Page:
UNCASVILLE — Last week, as hundreds of classic cars went on the auction block for the Barrett-Jackson auction at Mohegan Sun, new carmakers were showing off their latest models to an attentive audience.

Dodge, the performance division of FCA, showed off its powerful cars outside and had a display inside the convention area.

“We have a Red Eye Hellcat, we have the 1320 Challenger which is set up as an entry-level into racing for a consumer. We also have the Hellcat Charger and we also have the Durango SRT SUV which is 475 hp,” said Justin Carson, FCA product specialist

People attending the show could “drive” a drag race simulator.

“What we do is we bring out a lot of the vehicles that we’re marketing and we also have thrill ride experience and then we have a simulator… so you can experience what it’s like to possibly feel the vehicle on a set track.”

But why do it at the auction?

Carson said, “A lot of manufacturers are marketing now over the past few years at the auctions nationally, based on the fact that the consumer base is going back into collecting. What they're finding is the newer vehicles are collector worthy. Probably the evolution of the next  generation.”

Nearby, Ford showed off its new high performance Mustang Shelby GT500, equipped with a 760 hp supercharged 5.2 liter engine that goes from zero to 60 in around 3.5 seconds.

“I think everybody knows anything about cars would love the new 2020 Shelby GT500,” said Jim Owens, Mustang brand manager.

Other versions of the Mustang on display included the GT 350 and the Bullitt Special Edition, available in a dark green similar to the car made famous by Steve McQueen in the movie of the same name.

Owens said after living in New England for a number of years, he felt the area was an “underserved enthusiast market.”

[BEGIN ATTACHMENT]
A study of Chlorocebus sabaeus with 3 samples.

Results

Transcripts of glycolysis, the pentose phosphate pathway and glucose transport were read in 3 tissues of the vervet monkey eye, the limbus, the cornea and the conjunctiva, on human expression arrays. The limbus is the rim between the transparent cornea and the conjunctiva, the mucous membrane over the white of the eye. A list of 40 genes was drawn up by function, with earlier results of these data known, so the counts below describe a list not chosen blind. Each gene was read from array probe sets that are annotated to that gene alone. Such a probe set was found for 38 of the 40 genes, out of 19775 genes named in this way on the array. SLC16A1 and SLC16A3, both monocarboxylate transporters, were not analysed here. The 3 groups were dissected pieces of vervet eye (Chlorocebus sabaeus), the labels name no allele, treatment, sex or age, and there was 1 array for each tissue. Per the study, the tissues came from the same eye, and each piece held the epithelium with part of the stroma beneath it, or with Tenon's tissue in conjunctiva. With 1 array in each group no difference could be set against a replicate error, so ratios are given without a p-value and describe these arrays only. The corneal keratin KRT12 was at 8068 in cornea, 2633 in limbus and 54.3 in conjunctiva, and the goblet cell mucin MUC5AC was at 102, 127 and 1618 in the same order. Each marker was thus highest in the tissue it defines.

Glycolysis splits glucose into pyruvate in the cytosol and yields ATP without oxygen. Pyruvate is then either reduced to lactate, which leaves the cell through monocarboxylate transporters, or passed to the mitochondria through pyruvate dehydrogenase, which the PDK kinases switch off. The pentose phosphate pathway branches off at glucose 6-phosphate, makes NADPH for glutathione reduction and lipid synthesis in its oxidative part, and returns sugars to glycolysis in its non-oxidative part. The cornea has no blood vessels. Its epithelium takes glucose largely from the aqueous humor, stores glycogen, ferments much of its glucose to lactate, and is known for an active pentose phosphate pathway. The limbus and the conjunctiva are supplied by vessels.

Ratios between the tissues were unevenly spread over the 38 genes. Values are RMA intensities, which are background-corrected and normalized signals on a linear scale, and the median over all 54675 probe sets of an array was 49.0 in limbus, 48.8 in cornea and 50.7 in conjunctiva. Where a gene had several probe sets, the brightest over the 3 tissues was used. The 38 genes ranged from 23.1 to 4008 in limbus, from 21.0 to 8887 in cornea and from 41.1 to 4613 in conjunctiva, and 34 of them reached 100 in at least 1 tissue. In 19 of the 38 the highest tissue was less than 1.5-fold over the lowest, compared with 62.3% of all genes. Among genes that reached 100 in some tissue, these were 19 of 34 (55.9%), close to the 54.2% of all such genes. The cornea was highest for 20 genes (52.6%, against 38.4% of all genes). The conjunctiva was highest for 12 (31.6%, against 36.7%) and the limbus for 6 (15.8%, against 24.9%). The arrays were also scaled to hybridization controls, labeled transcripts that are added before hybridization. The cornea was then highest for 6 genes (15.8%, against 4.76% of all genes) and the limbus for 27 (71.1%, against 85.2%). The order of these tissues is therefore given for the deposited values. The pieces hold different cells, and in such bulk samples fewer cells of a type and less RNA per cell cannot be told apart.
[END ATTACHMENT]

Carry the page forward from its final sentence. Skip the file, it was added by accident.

He was excited for the partnership with Barrett-Jackson and sees it as a place where car enthusiasts can learn more about Ford’d product line. Those people go home and when their neighbors ask about what car they should buy, they can be brand ambassadors for Ford.

“People who come to a collector car auction are passionate about cars.”

But outside was where the real action was. Crowds signed up for a fast trip around a track laid out in the parking lot. Dodge took potential customers for rides in the Challenger and Charger. Ford had a series of Mustangs and along the way random riders would get a lap in a Ford GT.

Potential customers waited for the most part under tents for a drive at high speed that lasted less than a minute.

Carson said, “Basically we go through a set a tires every two hours and get a maximum of 14 miles on them.”

“They’re also getting an opportunity to get up close inside look at the vehicle without having to go into the dealership,” said Carson.

Even with the industry changing, and moving away from cars and moving to SUVs, Owens sees cars like the Mustang sticking around. “The Mustang and that sports car segment will always have a place for car enthusiasts, and it’s our job to figure out how we do that and fit the evolving needs.”